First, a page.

Opinion: Populism wins in Brazil | Opinion | DW | 08.10.2018

Jair Bolsonaro has almost done it in the first round of voting. Democracy is paving the way for an autocrat — a path that he might take to victory in three weeks. Brazil is headed toward the abyss, warns Francis Franca.

 After four years of national crisis, voters on Sunday squandered the chance to start a new chapter of Brazil's history. They sent precisely the two candidates who most polarize the population to a runoff election, thus aggravating the country's problems still further.

With 46 percent of votes, the right-wing extremist Jair Bolsonaro of the Social Liberal Party (PSL) has all but won the presidential elections in the first round of voting. In second place with 29 percent is the former mayor of Sao Paulo, Fernando Haddad of the leftist Workers' Party (PT). Haddad stood as candidate in place of the popular ex-President Luiz Inacio da Silva, nicknamed Lula, who is sitting in prison for corruption and barred from running.

Read more:Unlikely and unlikable, Jair Bolsonaro could lead Brazil 

Fake news and fanaticism

This election result is, in large part, thanks to misinformation. The pollsters were badly informed and mostly wrong in their predictions. They underestimated Bolsonaro and overestimated the traditional parties as well as — most crucially — the effectiveness of television advertising in the election.

Because, in fact, voters primarily got their information via social media this election cycle, especially from WhatsApp groups. Moderate views and substantial debate were swallowed in a wave of fake news and fanaticism. In the end, very few voters were well-informed in making their decision.

Franca Tiebot Francis Kommentarbild App

Francis Franca is the head of DW's Brazilian service

It's not as if the Brazilians had no choice. With other candidates in the runoff election, the country would have had a real chance of calmer times. But voters opted instead for a confrontation between ideological opponents. Radicalism is also an option in a democracy.

Read more: Brazil's growing evangelical movement to shape election

Unresolvable contradictions

This election says a lot about the Brazilian people's inconsistency. On the one hand, they want to fight corruption, but then they flirt with authoritarianism just as the fight against corruption begins to make real progress. They want to finally get past the economic crisis, but decide in favor of candidates who will have massive difficulties forming a coalition government with a parliamentary majority.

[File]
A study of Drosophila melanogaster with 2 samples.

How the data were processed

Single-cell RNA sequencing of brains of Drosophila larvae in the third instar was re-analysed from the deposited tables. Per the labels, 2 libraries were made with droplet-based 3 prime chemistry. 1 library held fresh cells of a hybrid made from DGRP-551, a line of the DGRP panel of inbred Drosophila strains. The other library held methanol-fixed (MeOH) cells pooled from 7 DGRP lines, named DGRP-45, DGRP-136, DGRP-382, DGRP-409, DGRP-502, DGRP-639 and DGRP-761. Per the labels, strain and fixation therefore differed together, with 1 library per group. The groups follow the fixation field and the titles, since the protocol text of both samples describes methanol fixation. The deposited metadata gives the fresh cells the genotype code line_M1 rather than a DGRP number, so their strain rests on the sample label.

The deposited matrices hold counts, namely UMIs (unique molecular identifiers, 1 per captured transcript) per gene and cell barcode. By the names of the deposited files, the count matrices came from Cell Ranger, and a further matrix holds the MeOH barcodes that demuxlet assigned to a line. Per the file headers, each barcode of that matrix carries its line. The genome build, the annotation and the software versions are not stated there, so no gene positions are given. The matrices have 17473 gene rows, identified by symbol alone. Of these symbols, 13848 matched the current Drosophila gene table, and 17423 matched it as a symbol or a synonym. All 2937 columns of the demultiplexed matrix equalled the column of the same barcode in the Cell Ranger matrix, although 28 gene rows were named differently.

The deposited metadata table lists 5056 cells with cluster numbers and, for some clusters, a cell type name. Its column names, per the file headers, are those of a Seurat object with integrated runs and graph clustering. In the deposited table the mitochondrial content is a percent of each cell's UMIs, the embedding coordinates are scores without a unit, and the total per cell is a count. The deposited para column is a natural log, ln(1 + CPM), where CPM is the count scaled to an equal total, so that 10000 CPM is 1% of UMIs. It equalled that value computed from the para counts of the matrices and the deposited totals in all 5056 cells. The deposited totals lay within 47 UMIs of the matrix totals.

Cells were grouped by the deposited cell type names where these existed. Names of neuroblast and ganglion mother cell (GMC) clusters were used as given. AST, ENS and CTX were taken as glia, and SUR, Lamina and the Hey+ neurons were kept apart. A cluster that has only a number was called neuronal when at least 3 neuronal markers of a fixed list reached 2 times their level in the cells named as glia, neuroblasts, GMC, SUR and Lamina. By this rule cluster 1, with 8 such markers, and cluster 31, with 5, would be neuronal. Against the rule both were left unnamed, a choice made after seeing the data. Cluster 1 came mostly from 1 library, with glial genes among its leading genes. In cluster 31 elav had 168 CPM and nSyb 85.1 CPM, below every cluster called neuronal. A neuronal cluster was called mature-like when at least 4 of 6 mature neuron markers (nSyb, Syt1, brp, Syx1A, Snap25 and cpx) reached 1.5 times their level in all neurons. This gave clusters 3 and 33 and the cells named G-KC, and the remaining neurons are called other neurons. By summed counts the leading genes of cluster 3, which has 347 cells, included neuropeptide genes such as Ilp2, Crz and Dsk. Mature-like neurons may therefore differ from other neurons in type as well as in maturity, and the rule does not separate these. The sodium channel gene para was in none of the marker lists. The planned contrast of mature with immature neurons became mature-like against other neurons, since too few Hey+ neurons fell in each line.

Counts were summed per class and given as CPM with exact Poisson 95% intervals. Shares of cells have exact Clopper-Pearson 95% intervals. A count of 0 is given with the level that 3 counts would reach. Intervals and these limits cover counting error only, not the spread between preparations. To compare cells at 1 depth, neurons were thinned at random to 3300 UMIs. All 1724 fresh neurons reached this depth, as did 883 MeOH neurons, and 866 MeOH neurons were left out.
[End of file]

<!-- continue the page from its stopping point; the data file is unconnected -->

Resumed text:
This serious crisis in Brazil has emerged from a mixture of factors that have been festering in society since 2013. That year, millions of people took to the streets to protest corruption, increases in fares on public transport and the construction of expensive stadiums for the World Cup.

Conservatives without a candidate

Traditional Brazilian politics failed to respond credibly to the diverse and sometimes diffuse protests, losing voters' trust. The political center first became lost in the struggle over the impeachment of former President Dilma Rousseff and then supported the government of the unpopular President Michel Temer. And now it has failed to nominate a candidate who could appeal to conservative voters.

Jair Bolsonaro making victory signs (imago/Xinhua/T. Ribeiro)

Bolsonaro is known for his authoritarian views

The center-left, in turn, collapsed with the candidacy of Lula, Brazil's most beloved and simultaneously most despised politician. For a long time during its election campaign, the leftist PT was narrowly focused on the ex-president and presented him as a victim of legal and political persecution — even after his barring from the election was virtually a foregone conclusion. Ultimately, defending Lula damaged the left-wing camp, as a majority of the votes for Bolsonaro are actually votes against the PT.

The incompetence on the right as well as the left drove voters into the arms of the populists — populists who openly stand for authoritarianism, racism, homophobia and misogyny. With seemingly simple solutions to complex problems, they have won over a broad range of voters whose attention span is up to no more than reflecting on a short post on social media. Voters who, first and foremost, take pleasure in their own prejudices.

Given the outcome of the first ballot, all signs suggest that right-wing populism will emerge victorious in the runoff election on October 28. If the consensus on shared values is so weak in this society, what chance do democrats have against populists?